Wednesday, March 14, 2012

Tea Room Management

This little cutie, Cooking for Profit touts itself as being the First Practical Hand-Book for Tea Rooms.  Published in 1922 and written by Alice Bradley, she pulls from her expertise as the Principal of Miss Farmer's School of Cookery in Boston and culinary editor for the "Woman's Home Companion".  In this book, she covers the money-making opportunities to be found in food service where women are shown how to establish and conduct a profitable business.  Original ideas and recipes are included.  Chapters include specialty cooking, cake and cake making, catering for social occasions, special luncheons and suppers and dinner parties.  A complete chapter is dedicated to tea room management, with the beginning statement that interest in opening tea rooms is wide spread, from the Atlantic to the Pacific.
Requisites for a successful tea room include good location, unusual or expressive name, distinctive decorations and furnishings, absolute cleanliness, competent hostess or manager, wisely chosen waitresses, effective advertising, food beyond criticism and correctly priced, and care in business management.  All very good advice even now.

Photographs throughout the book feature tea sandwiches (shown here), tables set for formal dinners, and also a tea room in a department store that was designed and managed by one of the author's students.
 This catering and food service management guide was a gift from my mother in 1988, two years before Sweet Remembrances opened.  It has been fun 'rediscovering' the information and advice tucked within these pages.  Recipes for tea sandwiches, menus for formal dinners, and all around useful advice still appropriate now. Although, iced drinks for 25 cents, chocolate fudge cake for 15 cents, and baked lobster cardinal French pastry, and coffee, tea or chocolate for $1.35 might suggest prices of a different era.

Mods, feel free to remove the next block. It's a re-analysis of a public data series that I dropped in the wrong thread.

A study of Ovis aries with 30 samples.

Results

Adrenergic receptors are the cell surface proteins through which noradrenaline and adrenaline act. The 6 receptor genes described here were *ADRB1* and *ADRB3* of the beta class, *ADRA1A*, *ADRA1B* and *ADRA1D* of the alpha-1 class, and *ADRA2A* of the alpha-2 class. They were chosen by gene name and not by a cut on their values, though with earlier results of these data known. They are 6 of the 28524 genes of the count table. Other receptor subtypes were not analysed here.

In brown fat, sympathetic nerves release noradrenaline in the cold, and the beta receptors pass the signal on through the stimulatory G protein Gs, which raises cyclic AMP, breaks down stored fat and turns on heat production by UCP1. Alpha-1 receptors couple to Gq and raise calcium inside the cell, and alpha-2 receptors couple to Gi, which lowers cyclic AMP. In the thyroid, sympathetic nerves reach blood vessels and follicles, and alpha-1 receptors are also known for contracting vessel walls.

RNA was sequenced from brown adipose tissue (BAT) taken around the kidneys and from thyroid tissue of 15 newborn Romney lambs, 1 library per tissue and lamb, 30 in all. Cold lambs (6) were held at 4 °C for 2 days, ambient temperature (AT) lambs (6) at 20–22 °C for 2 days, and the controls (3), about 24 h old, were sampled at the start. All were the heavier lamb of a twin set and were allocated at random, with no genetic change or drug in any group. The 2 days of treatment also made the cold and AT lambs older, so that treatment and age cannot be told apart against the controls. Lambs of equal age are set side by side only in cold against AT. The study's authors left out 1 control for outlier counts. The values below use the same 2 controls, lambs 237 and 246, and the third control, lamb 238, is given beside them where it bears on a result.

10 comments:

relevanttealeaf said...

What a wonderful book to own from bygone days -- especially being a tea room owner. As I read some of the content you shared I thought,
"The advice is timeless." The book has even more sentiment since it was from your mom. She'd be so proud of the wonderful job you're doing at Sweet Rememberances. Your dad has probably told her all about your lovely tea room!

Karen's Place said...

What a delightful little book and it found you again. So glad you posted a few pages for us to see. Your Mom was on to something.

Steph said...

A real gem!

amherstrose said...

What a gem! I wonder how many women read this and became tea room owners? It most certainly would have been a great source of inspiration and information for women entrepreneurs of the day.
Would love to read this whole book.
Thank you for sharing your treasure.

Angela McRae said...

Ohhhhh, you KNOW this is right up my alley, so thanks for sharing a title I've never seen before! This is surely the earliest one of these I've seen. And I enlarged the picture to read the name of the department store tea room on the sign at back but can't quite make it out ... Dollmann's Tea Garden, or something like that? Love the little slipcovers on the back of the chairs!

Antiques And Teacups said...

What a fabulous book! I'll bet it's interesting to see what's the same & what's different, as well as how styles have changed. A treasure!
Ruth

Rosemary said...

@Angela, I took out the magnifying glass and can see the sign for the Department Store tearoom. It says 'Pollvanns Tea Garden'.

Elizabeth said...

How wonderful to have that book!

Marilyn said...

What a very thoughtful gift from your mom. Those old books are so fascinating to read.

PlainJane said...

Greetings Rosemary,
I'm a new follower of your lovely blog and want to thank you for your review of this book. I took you up on your recommendation and my copy arrived yesterday in the mail. I skipped right to the chapter on Tea Rooms and am half-way though...what a wonderful and timeless read! (Yes, I even liked Ms. Bradley's instruction to inventory the "icebox"). What a treasure! Thank you for sharing.